Watching my children grow, and caring for them, has brought the greatest joy to my life. My children were five and eight when they experienced their first spring in Colorado. Thankfully, we had purchased a house that was lovingly cared for by a couple who enjoyed gardening, so after enduring that first winter with a curtain of icicles hanging from the roof, blizzard winds swirling several feet of snow, and temperatures that created an inch of ice around the inside edges of each window; spring arrived. Well, according to the calendar, anyway. That first spring day brought a low of zero and a foot of snow!
After it cleared, all of the previous owners’ hard work came to fruition. The buried treasure yielded a wealth of life. Tulips literally burst forth from the ground that had held them prisoner in its frozen clutches for several months. I was watching my daughters the morning they discovered that violets had magically bloomed along the bottom of the fence. That image of those precious little girls bent over a bed of violets has stayed with me all these years. Their soft, smooth, sweet little hands reached down and carefully gathered handfuls of tiny purple flowers. When they came into the house, they beamed as they handed me their treasures. They had picked them just for me!
Over the years, I’ve received handfuls of violets, tulips, dandelions, and other assorted flowers. And rocks! Pretty rocks. And beautiful red, gold, yellow, and orange leaves, along with countless bits of paper, sequins, bird feathers, and various objets d’art. Beauty is in the eye of the beholder, but mothers have a way of seeing beauty in what delights their child.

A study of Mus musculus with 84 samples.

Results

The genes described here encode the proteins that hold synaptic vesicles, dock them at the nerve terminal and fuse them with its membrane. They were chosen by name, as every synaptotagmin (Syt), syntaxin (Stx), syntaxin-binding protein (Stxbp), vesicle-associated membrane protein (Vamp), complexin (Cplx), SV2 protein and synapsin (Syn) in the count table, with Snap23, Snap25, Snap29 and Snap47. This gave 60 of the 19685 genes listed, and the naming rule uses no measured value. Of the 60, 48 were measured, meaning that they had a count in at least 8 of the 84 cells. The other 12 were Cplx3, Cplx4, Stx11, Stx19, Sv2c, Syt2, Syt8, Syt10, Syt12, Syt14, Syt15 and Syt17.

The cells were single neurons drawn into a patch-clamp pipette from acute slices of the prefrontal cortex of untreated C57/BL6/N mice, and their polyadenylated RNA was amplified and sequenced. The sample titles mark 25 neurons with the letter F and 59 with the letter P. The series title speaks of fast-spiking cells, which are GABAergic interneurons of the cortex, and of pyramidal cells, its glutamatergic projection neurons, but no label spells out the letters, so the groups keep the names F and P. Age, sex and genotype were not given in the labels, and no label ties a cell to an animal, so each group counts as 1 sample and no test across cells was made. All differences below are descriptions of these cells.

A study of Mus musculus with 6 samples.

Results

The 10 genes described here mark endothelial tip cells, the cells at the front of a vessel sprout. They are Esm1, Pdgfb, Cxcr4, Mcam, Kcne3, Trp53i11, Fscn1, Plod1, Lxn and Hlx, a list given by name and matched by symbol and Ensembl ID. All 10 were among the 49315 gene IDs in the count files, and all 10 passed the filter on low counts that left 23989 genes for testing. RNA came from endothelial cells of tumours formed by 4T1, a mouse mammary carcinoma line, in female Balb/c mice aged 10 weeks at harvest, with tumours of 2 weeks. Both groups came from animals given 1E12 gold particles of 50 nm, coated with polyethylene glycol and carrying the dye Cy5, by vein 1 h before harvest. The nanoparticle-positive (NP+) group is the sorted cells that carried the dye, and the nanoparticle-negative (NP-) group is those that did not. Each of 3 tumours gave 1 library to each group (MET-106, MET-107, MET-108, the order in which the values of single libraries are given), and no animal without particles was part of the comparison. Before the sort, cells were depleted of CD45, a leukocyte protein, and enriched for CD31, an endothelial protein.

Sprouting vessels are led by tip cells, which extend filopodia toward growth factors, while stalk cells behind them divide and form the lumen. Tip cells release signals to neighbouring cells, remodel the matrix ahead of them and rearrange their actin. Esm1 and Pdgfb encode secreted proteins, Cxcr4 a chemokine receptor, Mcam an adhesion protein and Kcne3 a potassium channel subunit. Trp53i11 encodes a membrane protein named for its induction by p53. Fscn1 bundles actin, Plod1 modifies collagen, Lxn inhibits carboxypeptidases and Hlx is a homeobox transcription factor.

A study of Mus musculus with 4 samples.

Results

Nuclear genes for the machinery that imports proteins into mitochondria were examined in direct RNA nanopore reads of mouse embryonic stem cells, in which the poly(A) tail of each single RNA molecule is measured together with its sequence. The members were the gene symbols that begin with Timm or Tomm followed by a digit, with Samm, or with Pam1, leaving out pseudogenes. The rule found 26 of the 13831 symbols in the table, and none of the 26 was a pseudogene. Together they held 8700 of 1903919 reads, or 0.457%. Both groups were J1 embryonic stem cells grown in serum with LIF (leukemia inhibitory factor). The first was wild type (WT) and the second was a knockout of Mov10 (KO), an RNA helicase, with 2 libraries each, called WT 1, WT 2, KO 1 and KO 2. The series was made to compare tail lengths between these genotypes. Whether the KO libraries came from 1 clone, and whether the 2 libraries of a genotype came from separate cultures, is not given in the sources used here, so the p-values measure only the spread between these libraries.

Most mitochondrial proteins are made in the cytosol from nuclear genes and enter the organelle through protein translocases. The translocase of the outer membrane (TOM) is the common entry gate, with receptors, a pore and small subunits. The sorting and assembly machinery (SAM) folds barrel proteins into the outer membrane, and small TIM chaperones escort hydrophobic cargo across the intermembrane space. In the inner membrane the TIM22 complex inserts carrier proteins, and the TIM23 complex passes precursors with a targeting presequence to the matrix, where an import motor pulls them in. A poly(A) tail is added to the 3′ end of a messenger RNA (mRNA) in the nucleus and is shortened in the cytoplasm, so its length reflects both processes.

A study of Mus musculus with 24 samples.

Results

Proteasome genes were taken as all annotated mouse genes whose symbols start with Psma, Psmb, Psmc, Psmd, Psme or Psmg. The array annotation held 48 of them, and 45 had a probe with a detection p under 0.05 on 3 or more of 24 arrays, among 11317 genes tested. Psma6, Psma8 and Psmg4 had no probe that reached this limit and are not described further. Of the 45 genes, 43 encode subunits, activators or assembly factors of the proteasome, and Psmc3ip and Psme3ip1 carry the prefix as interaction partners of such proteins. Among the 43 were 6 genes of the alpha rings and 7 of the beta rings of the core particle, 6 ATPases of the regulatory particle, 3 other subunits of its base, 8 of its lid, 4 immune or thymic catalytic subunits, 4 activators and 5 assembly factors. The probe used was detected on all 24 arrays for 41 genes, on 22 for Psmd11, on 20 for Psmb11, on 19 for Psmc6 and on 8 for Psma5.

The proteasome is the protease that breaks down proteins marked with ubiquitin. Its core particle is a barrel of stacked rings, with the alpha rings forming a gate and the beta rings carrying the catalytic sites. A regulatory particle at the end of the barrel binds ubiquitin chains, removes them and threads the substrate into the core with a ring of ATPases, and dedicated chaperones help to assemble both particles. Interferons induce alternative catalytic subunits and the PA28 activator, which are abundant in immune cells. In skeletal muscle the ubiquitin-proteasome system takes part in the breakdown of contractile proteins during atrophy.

I have far more artwork than rocks. (Yes, I kept some rocks! They were important rocks. They were special to my children, so they were special to me.) I can still see my kids sitting at the table in the breakfast area; painting, drawing, and coloring. I have stacks of drawings of animals that look more like some alien life-form, ducks that are painted with every color of the rainbow, pastel rainbows, dogs with no ears, and people with mutant shapes. Somewhere in my vast collection of treasures are stories that my oldest wrote and illustrated when she was in second grade. I even have their ceramic creations in my China cabinet.
You can’t describe a child without using the word “imagination”. They see the world through eyes that are experiencing it for the first time. They try to imitate what they see, whether by action, by drawing, or by telling a story. When I open my boxes of treasures, I still see those little hands creating, coloring, picking flowers, and writing stories. I hear their voices talking to each other and to me. Each of those moments goes into the adult that child will become. They are important treasures for both the child and the one who loves them. When I look at my grown children, I see them as a compilation of treasures. I see them as gifts from God; to be held closely, loved, and respected. I see a lifetime of memories and a lifetime of treasures.
Long after I am gone, my children and grandchildren will still know that their mother and grandmother loved them unconditionally, respected them as individual human beings, and would have given her life for them without giving it a second thought.
This Mother’s Day, I won’t be celebrating myself. I’ll be celebrating my family. They are the reason I am a mother, and they are the reason I celebrate Mother’s Day.